DIANE PAULUS Director of Theater and Opera




Cirque's Amaluna a Shakespearan classic with a woman's touch
By Pat Donnelly
April 19, 2012

Step right up folks! Be among the first to discover Amaluna, the matriarchal circus partially inspired by Shakespeare’s The Tempest, wherein 75% of the 52 performers are women and a spectacular utopian vision of world harmony rules.

While describing her first Cirque du Soleil show at a recent media event in Montreal, New York theatre director and Harvard professor Diane Paulus said the most beautiful thing about working on it has been collaborating with performers from around the world (15 countries to be exact). “I’ve done a lot of theatre,” she said, “but I’ve never done a show with this many people from this many countries.”

She reflected that if members of her international cast can find a common harmony as they relate across language barriers in building the world of Amaluna, it will be “a little tribute to the power of theatre and art to promote that kind of communication.” On a more basic level, the show’s creative director, Fernand Rainville, remarked: “We’re just going to go in there and rock the house and make it a happening.”

Previews of Amaluna begin April 19 under the big top at Montreal’s Old Port before heading across the country later this year. Expectations are high, though successful happenings are something that Paulus handles well, having directed the Tony Award-winning revival of the musical Hair on Broadway in 2009. Her most recent triumph, a controversial, truncated version of the Gershwin musical Porgy and Bess, has won many accolades. Plus she is about to receive the Drama League’s Founders Award for excellence in directing, a huge honour in American theatre.

Paulus is also known for her Shakespearean adaptations, such as The Donkey Show, a disco take on A Midsummer Night’s Dream. So it’s not surprising that Amaluna revolves around a female sorcerer named Prospera. But to give credit to men where such is due, it was Cirque owner Guy Laliberté who came up with the idea of a circus that would pay homage to women. And Rainville claims bragging rights for having recruited Paulus (the artistic director of the American Repertory Theatre at Harvard since 2009), after Laliberté sent him out to find a female director for the project.

Cirque CEO Daniel Lamarre is confident that the show’s $25-million to $27-million budget is being well spent. “It’s an average budget for a tent show,” he said. “But it’s not an average approach to creation because I think we’re really going into a new world here.” He described Paulus as “a very strong woman who is not afraid of challenges.”

Rainville, who was first introduced to the world of mega-spectacle as assistant director for Montreal’s bilingual Les Misérables in 1992, has worked with Cirque since 2005 on various events such as the children’s show Wintuk at Madison Square Garden in New York City.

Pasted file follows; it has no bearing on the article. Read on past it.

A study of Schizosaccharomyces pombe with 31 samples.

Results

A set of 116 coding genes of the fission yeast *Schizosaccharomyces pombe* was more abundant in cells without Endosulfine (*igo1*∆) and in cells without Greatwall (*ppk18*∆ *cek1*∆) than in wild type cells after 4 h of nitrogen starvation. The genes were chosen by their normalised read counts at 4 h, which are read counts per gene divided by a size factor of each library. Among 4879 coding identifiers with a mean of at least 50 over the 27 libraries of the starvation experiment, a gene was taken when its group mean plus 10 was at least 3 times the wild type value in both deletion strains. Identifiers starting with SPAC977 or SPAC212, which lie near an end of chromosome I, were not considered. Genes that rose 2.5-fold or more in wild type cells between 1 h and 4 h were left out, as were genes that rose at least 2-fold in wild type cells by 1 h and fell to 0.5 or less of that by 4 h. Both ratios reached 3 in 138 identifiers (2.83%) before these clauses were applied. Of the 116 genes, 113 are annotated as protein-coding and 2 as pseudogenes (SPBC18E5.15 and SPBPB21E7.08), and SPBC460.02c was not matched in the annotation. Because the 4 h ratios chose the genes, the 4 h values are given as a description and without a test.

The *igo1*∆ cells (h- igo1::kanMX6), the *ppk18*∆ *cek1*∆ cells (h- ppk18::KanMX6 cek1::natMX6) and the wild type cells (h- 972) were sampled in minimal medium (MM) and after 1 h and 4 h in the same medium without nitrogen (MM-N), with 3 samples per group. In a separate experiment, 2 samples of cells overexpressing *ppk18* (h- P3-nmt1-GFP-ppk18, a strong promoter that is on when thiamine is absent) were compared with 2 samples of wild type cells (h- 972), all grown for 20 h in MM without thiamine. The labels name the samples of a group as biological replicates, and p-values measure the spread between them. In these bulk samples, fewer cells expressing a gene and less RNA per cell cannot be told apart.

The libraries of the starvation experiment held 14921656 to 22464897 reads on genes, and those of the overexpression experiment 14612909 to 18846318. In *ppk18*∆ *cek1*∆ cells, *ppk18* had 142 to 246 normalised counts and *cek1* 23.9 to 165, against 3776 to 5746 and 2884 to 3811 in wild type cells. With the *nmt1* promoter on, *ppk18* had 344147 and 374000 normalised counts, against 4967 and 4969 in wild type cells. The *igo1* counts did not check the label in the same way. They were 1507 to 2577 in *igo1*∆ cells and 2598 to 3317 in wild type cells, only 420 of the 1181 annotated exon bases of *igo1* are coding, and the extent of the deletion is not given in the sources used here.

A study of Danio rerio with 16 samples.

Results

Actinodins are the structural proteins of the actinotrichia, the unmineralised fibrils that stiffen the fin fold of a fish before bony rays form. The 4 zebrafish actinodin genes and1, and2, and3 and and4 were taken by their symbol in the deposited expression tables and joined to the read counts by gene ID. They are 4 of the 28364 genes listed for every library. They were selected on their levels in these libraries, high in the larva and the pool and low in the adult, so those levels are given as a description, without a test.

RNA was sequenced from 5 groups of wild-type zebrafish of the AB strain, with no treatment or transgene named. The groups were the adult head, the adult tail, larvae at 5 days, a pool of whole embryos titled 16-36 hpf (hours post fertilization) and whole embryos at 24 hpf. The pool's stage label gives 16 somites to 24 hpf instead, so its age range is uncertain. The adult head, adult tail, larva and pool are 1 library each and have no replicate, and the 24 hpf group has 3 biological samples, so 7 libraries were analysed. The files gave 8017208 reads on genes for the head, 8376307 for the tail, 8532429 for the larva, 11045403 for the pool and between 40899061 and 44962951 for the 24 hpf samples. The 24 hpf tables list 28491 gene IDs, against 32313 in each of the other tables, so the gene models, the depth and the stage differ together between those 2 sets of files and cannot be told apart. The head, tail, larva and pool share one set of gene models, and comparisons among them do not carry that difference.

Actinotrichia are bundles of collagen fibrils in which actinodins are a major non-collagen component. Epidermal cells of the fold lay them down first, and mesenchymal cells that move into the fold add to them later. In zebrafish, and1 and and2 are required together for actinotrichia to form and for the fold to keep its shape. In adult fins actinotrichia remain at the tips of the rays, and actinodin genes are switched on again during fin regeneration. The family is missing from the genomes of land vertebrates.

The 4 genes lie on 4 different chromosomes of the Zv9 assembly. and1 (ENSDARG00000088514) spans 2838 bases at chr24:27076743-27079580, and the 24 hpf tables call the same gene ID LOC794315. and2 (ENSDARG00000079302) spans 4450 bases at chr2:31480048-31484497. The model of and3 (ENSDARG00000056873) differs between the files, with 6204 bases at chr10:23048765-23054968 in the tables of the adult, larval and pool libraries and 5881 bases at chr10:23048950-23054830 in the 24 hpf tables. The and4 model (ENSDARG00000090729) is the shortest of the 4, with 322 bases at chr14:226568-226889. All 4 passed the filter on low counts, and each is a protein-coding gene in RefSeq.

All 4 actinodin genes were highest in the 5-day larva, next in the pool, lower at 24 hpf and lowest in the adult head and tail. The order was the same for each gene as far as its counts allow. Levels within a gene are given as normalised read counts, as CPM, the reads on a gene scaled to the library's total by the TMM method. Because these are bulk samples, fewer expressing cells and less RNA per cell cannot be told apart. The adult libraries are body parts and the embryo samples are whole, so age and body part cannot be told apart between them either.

At Cirque, directors come up with the vision (Paulus worked with her favourite dramaturge and husband, Randy Weiner, on the Amaluna narrative). Creative directors such as Rainville help to assemble the creative team, put together the “acrobatic skeleton” of the show, find the talent to make it work and collaborate closely with the director.

Asked how Amaluna differs from other shows, Rainville replied, cautiously: “Working with women principally gives you a situation where there is more discipline. I found that throughout the process here there is a level of concentration that is — different. Women retain more. I would call it a certain discipline that allows you to move forward more rapidly.”

Are the men feeling downtrodden? (The normal ratio for Cirque performers is two men to one woman.) “The men are doing fine,” he replied. “There are a lot of men involved in the overall production (including 14 male performers). There are men everywhere, in the creation team and so on. No, we certainly don’t feel overwhelmed.”

In some areas, men still rule. Of the show’s 21 technicians, only three are women. The band is an all-girl ensemble, and all three singers are women, but the music is composed by two men (Guy Dubuc and Marc Lessard), who call themselves Bob and Bill.

For men who appreciate female attention, “There’s a lot of that,” Rainville admitted. “It’s great.” More important, “In this project and in Diane’s vision, there’s something that speaks to our common humanity, something that we all share on an emotional level, whether male or female. What’s being put forward is a vision of a community with its own rules and its own mythology. It’s sort of like being part of a world that’s being created. And that world has a lot to do with the sense of community, the sense of common purpose.”

On the practical side, yes, more washrooms were needed backstage. Also, there’s only one Amaluna act that requires a “porteur” (a strong-limbed acrobat or catcher who lifts and tosses other acrobats). But in that particular Icarian (foot-tossing) act, from China, the porteur is a woman. “We were surprised to find that out,” he said. “Usually the porteurs are male.”

Other acts are more egalitarian. “A lot of strength and force moves are done on straps,” he explained. “And ‘straps’ is an equal opportunity type of performance thing. Women can do it much as the men do, and in a very powerful way. You should see their arms.”

There are only two clowns in Amaluna, but both are women, one of them in male drag. They play the servants of the two lovers, Miranda and Romeo.

Why Romeo, not Ferdinand? Rainville defended this oddity with: “Romeo is an iconic young lover’s name.” Up until recently, the pair didn’t even have stage names, he added. And, of course, the show is supposed to be a mashup of Shakespeare, Greek mythology and The Magic Flute. Anything goes.

Amaluna, after all, is a hybrid word whose combined meaning adds up to Mother Moon.